It’s confirmed: huge numbers of teenagers are depressed. The question is why…
This week, NCB published a new report with researchers at UCL which shows that 1 in 4 girls aged 14 is suffering from symptoms of depression. That’s 166,000 girls in the UK.
This new research is extremely robust, and is based on information from a representative group of more than 10,000 children born in 2000—01, who are taking part in the Millennium Cohort Study. It provides the strongest evidence yet that a huge number of young people are depressed.
Now that the scale of the crisis is beyond doubt, other questions come to mind:
Are today’s teens more likely to be depressed than in previous generations? In other words, is this a ‘millennial’ phenomenon?
Being a teenager has never been easy. Physical and psychological changes and the pressures of transitioning into the adult world have always made for a challenging time. But evidence does suggest that depression in this age group is increasing. Research with young people born in 1990-01, a decade before the millennials, which used the same robust measurement tool, found that 12% of girls and 5.5% of boys were depressed, compared with 24% of girls and 9% of boys born in 2000-01.
So, in a word, yes, it does seem that things have got worse.
Why are so many of today’s teens depressed?
The simple answer is that we don’t know for sure what is fuelling this rise in depression. But emerging evidence suggests a number of factors are at play:
Children today are facing huge pressures, especially as they reach adolescence: from anxiety about passing exams and about getting a job, to worries about body image, fuelled by a hyper-sexualised media environment.
Digital technology has transformed childhood, and alongside fantastic opportunities, it’s brought some serious threats, as the Education Select Committee has warned. Cyber-bullying means you no longer leave the bully behind at the school gates; they follow you home through your smartphone, tablet and laptop. And actions can have serious consequences. Pressing “send” on a text message could result in the whole school seeing naked images.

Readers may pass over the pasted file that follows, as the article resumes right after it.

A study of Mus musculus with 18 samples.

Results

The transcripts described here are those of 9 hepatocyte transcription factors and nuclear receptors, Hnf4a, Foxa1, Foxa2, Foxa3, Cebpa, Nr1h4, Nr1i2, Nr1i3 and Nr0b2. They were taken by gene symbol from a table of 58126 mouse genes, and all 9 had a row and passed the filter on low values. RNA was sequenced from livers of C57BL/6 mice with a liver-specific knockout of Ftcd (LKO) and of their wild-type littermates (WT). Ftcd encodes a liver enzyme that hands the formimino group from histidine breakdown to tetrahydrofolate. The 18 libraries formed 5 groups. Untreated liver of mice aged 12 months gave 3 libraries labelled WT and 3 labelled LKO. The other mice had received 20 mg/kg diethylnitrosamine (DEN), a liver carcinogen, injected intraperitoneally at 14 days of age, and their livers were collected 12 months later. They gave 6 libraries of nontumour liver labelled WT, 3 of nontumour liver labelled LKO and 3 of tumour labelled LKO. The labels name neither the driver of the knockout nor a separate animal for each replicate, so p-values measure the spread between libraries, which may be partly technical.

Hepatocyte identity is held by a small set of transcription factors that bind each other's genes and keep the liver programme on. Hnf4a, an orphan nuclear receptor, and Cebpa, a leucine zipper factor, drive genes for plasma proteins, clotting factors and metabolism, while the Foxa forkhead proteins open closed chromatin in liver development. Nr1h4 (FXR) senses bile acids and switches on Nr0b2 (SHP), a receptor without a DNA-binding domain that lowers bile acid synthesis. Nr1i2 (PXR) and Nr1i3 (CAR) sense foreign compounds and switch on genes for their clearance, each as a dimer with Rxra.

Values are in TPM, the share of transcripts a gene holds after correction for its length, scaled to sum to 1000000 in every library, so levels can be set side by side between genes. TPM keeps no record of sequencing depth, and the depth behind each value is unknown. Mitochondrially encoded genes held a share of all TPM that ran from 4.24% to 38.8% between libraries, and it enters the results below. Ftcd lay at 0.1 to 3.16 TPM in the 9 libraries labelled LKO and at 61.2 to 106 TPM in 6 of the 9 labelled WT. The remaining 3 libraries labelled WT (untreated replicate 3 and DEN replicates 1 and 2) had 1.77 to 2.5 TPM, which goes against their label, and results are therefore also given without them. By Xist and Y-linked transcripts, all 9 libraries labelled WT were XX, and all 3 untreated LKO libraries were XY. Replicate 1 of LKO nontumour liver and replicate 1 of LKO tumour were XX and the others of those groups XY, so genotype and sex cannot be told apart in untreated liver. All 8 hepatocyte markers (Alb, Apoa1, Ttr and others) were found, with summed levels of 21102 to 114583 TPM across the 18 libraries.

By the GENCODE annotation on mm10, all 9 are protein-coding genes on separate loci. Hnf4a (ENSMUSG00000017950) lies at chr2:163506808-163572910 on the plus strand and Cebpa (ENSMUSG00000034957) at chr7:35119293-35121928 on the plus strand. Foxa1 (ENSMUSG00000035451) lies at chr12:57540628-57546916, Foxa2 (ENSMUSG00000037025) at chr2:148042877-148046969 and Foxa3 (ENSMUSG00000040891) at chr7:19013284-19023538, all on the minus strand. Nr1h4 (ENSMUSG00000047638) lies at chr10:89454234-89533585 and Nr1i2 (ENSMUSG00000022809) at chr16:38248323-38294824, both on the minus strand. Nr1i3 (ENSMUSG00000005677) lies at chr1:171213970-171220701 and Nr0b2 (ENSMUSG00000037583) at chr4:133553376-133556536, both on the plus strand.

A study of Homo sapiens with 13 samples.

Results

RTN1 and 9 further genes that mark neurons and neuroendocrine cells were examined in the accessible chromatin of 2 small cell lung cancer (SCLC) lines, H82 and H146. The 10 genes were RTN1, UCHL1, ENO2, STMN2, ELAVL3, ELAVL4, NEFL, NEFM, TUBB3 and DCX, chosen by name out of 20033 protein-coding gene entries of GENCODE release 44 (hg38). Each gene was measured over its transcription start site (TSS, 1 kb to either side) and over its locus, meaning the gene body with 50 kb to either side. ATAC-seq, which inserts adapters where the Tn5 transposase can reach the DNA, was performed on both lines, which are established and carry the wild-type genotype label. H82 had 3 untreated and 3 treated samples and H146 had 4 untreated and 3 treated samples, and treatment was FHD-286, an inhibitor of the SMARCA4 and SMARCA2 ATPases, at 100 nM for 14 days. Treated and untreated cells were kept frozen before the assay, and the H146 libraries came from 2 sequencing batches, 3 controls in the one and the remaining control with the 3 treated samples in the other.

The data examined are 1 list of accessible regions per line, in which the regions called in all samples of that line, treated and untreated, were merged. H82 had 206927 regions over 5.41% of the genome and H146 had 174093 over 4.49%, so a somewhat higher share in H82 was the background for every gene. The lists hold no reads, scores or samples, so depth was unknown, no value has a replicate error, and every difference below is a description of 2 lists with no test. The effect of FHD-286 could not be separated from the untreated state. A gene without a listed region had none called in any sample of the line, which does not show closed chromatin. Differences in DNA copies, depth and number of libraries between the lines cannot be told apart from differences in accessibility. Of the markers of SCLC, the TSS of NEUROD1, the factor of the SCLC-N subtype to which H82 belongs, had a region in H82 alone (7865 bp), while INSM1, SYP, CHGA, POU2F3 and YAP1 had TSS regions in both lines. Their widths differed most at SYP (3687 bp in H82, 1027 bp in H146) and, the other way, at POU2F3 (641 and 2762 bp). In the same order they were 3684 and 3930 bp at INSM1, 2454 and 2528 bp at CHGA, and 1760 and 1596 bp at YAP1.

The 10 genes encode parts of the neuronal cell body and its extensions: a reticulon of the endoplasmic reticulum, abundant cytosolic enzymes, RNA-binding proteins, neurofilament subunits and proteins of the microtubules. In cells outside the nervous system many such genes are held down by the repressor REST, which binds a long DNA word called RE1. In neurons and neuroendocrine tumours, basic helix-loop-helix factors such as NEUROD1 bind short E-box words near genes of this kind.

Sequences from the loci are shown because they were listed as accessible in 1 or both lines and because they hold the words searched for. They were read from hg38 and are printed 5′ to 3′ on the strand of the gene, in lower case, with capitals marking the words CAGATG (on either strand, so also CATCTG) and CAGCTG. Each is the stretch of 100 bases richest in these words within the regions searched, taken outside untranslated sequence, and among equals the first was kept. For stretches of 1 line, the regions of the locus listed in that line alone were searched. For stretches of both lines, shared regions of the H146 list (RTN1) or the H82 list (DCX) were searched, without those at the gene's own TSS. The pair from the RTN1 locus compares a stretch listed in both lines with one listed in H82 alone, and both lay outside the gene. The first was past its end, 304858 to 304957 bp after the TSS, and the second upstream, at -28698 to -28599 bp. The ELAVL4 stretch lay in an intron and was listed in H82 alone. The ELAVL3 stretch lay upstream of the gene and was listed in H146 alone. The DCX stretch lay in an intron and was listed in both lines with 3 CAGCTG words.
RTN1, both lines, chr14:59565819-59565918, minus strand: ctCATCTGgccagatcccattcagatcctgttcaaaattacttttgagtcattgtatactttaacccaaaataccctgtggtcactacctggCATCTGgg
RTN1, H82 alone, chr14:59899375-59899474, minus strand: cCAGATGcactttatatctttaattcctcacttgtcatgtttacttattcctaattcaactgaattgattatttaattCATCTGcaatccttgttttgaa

This new research also suggests that poorer children are more likely to be depressed, suggesting their mental health may be linked to factors like family income and housing.
Why are girls more likely to be depressed than boys?
At age 14, the research shows that many more girls are depressed than boys. But does that mean life is harder for girls? We know that girls may suffer more from anxiety over exams and body issues. But we must also remember that girls and boys develop at a different rate. Suicide is still the leading cause of death amongst young men, so it’s vital that we don’t jump to the conclusion that boys are somehow immune from these problems. Recent work by NCB highlighted that girls and boys experience mental health problems differently and that professionals must be sensitive to gender in identification and support.
What needs to be done?
This new research could not be more timely, with the Government due to announce plans for improving children’s mental health expected in the next few weeks. We have waited many months since the Prime Minister’s personal pledge, so the stakes are high. The Government must now act to create long-term transformational change.
This starts with specialist services with enough resource to meet children’s needs. New evidence shows that next year, the proportion of NHS funding spent on mental health will actually fall in half of local areas across England. Rising need and diminishing resource can only result in the crisis depending.
But on top of fully funded specialist services, we need to prepare children at home and at school to cope with the challenges of today’s childhood. A “whole school approach” to wellbeing, supported by NCB evidence and endorsed by the Education Select Committee, can help create a positive learning environment, where pupils’ emotional needs are nurtured alongside their academic development. New guidance on PSHE (Personal Social and Health Education) must support teachers and parents to communicate effectively with children, so they can share their feelings, build confidence and make good choices.
Finally, given the link between family income and teenage depression, the Government must consider the impact of factors such as cost of living, benefits and housing on young people's wellbeing.
With parliamentary time consumed by Brexit for the foreseeable future, this may be the only opportunity to do something tangible to help children and families. Ministers must make it count.